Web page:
FAMILIES were left wondering whether Santa had ridden into Swindon on a model train, as the Richard Jefferies Museum celebrated Christmas.

The Coate Water museum laid on crafts, cake and shadow puppet theatre for youngsters at the sell-out event.

Parents praised the day for offering an alternative to “neon” grottos elsewhere.

Organiser Mike Pringle said: “You name it we’re doing it. We wanted to do a Christmas event that was a bit different to the standard.”

The whole house and grounds was taken over by the event.

In the woods, engine drivers from the North Wilts Model Engineering Society dressed in their best hi-visibility jackets and Christmas hats to take visitors around the tracks on two sit-on trains.

Inside the house, a grotto gave children a chance to draw their own angels

An art sale offered “Bah Humbug” punk tree decorations, paintings of landmarks around the town and stunning hand-carved wooden spoons.,

And, at the very top of the house, children queued for a chance to see Santa, heavily padded against the December chill.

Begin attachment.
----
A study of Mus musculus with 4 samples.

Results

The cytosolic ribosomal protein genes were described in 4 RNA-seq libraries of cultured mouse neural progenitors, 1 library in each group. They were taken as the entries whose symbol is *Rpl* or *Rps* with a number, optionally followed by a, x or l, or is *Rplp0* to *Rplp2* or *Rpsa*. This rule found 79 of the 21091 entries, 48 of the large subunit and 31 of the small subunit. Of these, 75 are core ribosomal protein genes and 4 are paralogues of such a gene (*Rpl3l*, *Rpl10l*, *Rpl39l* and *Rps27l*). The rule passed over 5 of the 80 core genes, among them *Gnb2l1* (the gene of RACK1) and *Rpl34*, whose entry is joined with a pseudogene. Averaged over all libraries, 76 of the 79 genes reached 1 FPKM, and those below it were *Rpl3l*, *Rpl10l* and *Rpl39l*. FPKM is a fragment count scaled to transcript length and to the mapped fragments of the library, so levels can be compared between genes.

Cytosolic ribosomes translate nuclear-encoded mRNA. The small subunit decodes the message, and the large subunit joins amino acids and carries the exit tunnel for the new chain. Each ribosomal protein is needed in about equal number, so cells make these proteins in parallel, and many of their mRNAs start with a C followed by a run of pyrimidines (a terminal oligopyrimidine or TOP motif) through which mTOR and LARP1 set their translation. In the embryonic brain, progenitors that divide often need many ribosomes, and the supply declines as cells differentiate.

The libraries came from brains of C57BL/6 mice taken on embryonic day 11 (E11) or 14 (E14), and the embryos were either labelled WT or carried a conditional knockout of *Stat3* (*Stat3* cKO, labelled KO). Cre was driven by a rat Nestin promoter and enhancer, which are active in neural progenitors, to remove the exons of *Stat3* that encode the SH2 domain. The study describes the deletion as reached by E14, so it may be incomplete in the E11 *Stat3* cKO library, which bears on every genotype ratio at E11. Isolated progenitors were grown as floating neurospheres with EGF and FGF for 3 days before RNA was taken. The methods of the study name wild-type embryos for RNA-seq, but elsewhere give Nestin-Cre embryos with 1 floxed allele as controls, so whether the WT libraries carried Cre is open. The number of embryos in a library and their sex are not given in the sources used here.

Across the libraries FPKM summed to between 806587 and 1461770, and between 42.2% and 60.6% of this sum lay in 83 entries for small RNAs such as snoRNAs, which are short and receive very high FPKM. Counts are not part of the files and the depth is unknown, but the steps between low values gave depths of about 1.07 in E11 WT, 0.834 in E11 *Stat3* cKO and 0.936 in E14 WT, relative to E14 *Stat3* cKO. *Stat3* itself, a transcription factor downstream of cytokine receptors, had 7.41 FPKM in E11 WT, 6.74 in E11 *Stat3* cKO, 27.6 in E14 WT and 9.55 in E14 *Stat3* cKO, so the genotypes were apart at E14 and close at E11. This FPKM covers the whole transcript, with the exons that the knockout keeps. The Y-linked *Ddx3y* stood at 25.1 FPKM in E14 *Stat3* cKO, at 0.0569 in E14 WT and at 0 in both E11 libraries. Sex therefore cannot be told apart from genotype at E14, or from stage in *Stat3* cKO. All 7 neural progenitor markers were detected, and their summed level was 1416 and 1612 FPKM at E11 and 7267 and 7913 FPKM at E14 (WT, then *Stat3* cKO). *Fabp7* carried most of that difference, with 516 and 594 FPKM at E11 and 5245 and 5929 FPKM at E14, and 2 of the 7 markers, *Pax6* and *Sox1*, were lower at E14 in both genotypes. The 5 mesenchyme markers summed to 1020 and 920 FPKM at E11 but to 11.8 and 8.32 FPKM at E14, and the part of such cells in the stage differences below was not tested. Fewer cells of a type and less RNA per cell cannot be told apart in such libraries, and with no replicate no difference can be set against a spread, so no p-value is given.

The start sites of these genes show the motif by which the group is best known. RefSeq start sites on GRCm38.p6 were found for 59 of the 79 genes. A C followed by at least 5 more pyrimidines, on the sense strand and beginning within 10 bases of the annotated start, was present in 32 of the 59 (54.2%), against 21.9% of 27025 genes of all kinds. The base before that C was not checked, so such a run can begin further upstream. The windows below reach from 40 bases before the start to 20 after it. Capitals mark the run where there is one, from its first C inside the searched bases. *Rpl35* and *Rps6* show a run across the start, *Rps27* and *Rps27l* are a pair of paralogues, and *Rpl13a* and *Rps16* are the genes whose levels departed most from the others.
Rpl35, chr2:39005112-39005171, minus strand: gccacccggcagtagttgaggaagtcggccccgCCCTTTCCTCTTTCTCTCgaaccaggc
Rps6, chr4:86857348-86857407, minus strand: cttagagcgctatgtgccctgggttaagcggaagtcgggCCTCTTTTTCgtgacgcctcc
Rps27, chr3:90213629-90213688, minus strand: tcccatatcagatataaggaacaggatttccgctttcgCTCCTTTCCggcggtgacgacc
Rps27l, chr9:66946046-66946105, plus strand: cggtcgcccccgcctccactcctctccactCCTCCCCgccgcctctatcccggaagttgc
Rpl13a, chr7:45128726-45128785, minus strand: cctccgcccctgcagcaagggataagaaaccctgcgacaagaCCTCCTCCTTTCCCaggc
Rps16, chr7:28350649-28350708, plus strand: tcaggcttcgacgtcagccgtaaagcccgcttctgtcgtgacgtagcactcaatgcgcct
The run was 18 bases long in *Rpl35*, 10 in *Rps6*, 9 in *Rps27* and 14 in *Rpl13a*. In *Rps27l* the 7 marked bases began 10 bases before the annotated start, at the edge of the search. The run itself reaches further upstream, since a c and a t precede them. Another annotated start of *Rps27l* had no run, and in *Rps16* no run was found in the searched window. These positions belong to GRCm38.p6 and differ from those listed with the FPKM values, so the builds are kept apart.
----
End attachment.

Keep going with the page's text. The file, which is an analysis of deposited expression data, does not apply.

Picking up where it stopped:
Speaking to the Adver, “Santa” said of the museum: “It’s a hive of activity all year round and I’m very happy to come down from Lapland.”

Jill Carter was helping children draw angels and write their Christmas wish letters in the grotto room.

The artist had created an “alternative” nativity scene especially for the event, including “Wise Women” and a papier-mache shepherd complete with painted-on sunglasses.

She said the grotto, where children were not handed plastic toys, was “about encouraging the imagination”.

Outside, families crowded into the museum’s barn for a retelling with shadow puppets of Clement Moore’s classic poem ‘Twas the night before Christmas.

Organisers said that they had sold out of tickets for the event and expected at least 140 to descend on the museum despite the drizzle.

Parents praised the Christmas festival.

Gemma Grainger, 33, whose baby boy was dressed in an elf jumper for the afternoon, said: “It’s good – it’s quiet and there are no queues.”

Kirsty Mattock, 34, said her girls had enjoyed the outdoor train ride and spotting squirrels: “It’s just nice to do something different.”

Kate Daniels, 38, added: “It’s a bit more traditional. There’s a really lovely community spirit around here. It feels really ‘Swindon’.”

Organiser Mike Pringle said that the Christmas event was still a far cry to how nature writer Richard Jefferies would have celebrated it in the 1800s.

“There was a lot of rural poverty around this area then,” he said.